Dr. Doogie Too 7.8

It was cute when Doogie Howser did it. It wasn't so cute when a real-life teen- doctor wannabe started prescribing medication and ordering medical procedures at an Alexandria, Virginia hospital. The teen-ager, who was 16 at the time, allegedly intercepted telephone pages meant for doctors--then called unsuspecting nurses with his "doctor's orders," the Washington Post reports.

The hospital insists that the procedures the nurses initiated as a result of the calls were medically "appropriate under the circumstances" and that no one was harmed. Though the nurses apparently didn't realize anything was wrong, the bogus calls were discovered after one doctor began to suspect someone else was answering his pages.

The boy's attorney categorically denies the charges, though he does admit that his client did speak with at least one nurse on the fateful night--and that he gave a fake name when she asked who he was. But the teen, who'd previously worked as a volunteer at the hospital, does seem eager to start up his medical career as soon as possible. When police searched the teen's home they found, among other items, a prescription pad, a lab coat and a list of patients.

Big Tobacco U. 8.1

Well, you can't say Big Tobacco doesn't have a sense of humor. British-American Tobacco, a company presently under investigation by the British government for allegedly smuggling cigarettes into various countries, has decided to help the University of Nottingham build a so-called International Center for Corporate Social Responsibility, the Chronicle of Higher Education reports.

The cash-strapped university has decided to accept the offer--though not without some "soul searching" first. According to a statement by the school administration, the gift will help the school focus more intently on "the social and environmental responsibilities of multinational companies to the communities in which they operate."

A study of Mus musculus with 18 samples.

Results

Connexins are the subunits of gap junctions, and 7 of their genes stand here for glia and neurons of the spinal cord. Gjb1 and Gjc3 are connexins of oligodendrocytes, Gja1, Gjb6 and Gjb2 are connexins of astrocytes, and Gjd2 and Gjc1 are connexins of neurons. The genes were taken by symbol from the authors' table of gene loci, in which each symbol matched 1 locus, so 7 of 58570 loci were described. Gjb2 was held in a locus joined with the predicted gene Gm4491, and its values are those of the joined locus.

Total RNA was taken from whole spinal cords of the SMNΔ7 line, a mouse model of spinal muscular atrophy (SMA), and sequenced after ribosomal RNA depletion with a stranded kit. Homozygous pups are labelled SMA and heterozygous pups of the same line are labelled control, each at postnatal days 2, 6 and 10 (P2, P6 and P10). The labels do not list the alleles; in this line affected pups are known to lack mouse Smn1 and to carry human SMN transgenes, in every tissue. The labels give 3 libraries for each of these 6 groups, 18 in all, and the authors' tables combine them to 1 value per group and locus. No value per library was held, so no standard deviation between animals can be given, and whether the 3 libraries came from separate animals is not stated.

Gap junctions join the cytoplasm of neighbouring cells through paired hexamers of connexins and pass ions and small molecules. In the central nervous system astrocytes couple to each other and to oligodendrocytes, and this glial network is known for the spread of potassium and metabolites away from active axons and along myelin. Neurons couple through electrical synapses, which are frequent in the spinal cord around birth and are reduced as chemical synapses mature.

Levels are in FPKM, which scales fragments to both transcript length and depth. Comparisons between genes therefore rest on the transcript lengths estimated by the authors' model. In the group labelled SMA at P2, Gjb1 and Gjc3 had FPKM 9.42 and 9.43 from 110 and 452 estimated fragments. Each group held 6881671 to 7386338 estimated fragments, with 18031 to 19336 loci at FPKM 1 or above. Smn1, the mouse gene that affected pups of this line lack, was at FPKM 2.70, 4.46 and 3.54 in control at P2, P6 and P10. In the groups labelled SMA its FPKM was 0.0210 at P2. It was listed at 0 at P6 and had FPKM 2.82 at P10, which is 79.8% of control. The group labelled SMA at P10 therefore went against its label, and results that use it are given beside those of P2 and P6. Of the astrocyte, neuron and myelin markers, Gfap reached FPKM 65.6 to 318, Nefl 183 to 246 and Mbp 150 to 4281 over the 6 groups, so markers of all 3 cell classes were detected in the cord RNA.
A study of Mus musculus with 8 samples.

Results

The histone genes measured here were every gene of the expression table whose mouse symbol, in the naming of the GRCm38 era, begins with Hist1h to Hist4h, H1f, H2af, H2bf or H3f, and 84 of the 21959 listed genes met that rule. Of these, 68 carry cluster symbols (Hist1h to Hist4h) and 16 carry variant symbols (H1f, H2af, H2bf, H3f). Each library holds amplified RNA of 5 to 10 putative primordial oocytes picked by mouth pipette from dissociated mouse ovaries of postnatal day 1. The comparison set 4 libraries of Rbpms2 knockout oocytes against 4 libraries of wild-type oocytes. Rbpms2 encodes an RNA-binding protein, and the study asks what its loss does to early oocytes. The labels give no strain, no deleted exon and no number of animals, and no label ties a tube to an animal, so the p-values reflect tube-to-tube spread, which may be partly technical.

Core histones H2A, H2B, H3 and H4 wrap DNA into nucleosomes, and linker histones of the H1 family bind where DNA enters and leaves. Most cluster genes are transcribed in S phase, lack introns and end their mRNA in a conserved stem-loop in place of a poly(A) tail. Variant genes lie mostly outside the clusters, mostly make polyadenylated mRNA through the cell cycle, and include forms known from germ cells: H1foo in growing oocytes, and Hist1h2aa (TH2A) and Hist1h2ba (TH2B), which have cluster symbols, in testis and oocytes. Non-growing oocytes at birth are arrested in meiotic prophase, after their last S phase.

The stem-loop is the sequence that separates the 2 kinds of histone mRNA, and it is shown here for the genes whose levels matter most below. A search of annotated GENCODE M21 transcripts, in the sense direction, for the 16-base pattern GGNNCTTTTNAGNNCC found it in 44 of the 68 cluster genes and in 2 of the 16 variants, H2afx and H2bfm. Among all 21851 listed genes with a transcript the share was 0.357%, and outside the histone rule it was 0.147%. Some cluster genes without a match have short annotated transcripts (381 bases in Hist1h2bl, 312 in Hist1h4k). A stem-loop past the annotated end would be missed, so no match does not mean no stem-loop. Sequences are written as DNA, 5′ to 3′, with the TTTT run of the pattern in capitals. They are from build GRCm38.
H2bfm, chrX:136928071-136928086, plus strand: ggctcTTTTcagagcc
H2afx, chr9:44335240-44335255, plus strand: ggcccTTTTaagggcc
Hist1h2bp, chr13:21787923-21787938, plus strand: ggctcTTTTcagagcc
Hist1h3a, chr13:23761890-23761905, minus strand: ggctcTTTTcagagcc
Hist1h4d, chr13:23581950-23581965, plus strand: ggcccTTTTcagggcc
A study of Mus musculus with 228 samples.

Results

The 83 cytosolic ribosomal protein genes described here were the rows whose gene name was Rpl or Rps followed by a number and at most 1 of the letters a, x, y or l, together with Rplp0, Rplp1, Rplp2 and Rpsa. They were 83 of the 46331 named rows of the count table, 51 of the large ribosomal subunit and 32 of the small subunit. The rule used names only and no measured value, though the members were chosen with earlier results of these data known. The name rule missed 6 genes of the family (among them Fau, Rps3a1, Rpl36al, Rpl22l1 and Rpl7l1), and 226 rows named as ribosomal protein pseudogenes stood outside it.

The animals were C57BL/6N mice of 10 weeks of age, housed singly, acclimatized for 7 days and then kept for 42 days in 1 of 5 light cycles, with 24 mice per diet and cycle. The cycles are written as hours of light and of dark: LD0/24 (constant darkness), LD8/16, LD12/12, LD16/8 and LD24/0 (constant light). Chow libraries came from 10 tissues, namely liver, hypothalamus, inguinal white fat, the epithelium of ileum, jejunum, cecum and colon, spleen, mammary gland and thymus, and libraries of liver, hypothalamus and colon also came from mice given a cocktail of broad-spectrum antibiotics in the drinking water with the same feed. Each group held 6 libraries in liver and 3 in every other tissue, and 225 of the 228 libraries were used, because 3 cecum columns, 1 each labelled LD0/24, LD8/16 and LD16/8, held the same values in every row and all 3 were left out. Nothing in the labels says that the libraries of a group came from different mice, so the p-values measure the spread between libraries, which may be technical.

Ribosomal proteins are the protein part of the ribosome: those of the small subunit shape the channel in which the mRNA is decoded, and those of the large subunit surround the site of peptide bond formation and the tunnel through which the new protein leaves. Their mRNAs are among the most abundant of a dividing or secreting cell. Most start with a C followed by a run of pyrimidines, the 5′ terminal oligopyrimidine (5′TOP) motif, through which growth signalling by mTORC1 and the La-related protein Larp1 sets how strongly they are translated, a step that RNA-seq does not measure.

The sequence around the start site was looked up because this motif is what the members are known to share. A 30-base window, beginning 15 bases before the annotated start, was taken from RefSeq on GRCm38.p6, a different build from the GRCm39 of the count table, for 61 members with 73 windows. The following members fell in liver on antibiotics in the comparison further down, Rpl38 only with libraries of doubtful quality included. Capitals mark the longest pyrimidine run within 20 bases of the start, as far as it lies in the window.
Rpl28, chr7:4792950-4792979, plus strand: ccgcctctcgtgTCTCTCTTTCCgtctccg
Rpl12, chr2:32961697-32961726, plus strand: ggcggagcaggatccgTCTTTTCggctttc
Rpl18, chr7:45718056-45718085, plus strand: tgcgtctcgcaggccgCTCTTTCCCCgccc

That's not quite enough for some critics, who've blasted the university for accepting "cash for ethics," in the words of Clive Bates, director of the anti- tobacco activist group Action on Smoking and Health. He told the Chronicle that British-American Tobacco "has one of the worst records imaginable on corporate social responsibility. The only thing more dispiriting than the offer is the university accepting it."

His Boys Can Swim 6.6

Call it the Great Sperm Escape of 1998. A reputed mobster currently serving time in


federal prison for racketeering and loan-sharking has been accused of masterminding (along with his wife) a devious (and successful) plot to sneak his sperm out of the prison so his wife could use it to artificially inseminate herself--and, presumably, get started breeding the next generation of gangsters.

Antonio and Maria Parlavecchio, The Associated Press reports, have been indicted in federal court for engineering this most ingenious jailbreak; three former prison guards also have been charged. "Federal Prosecutor Wayne P. Samuelson says he does not know whether attempts at artificial insemination were successful," AP reports. "Parlavecchio ... was cited this week for conspiracy, bribery and three counts of illegally possessing sperm kits for artificial insemination. His wife was charged with three counts of providing the kits."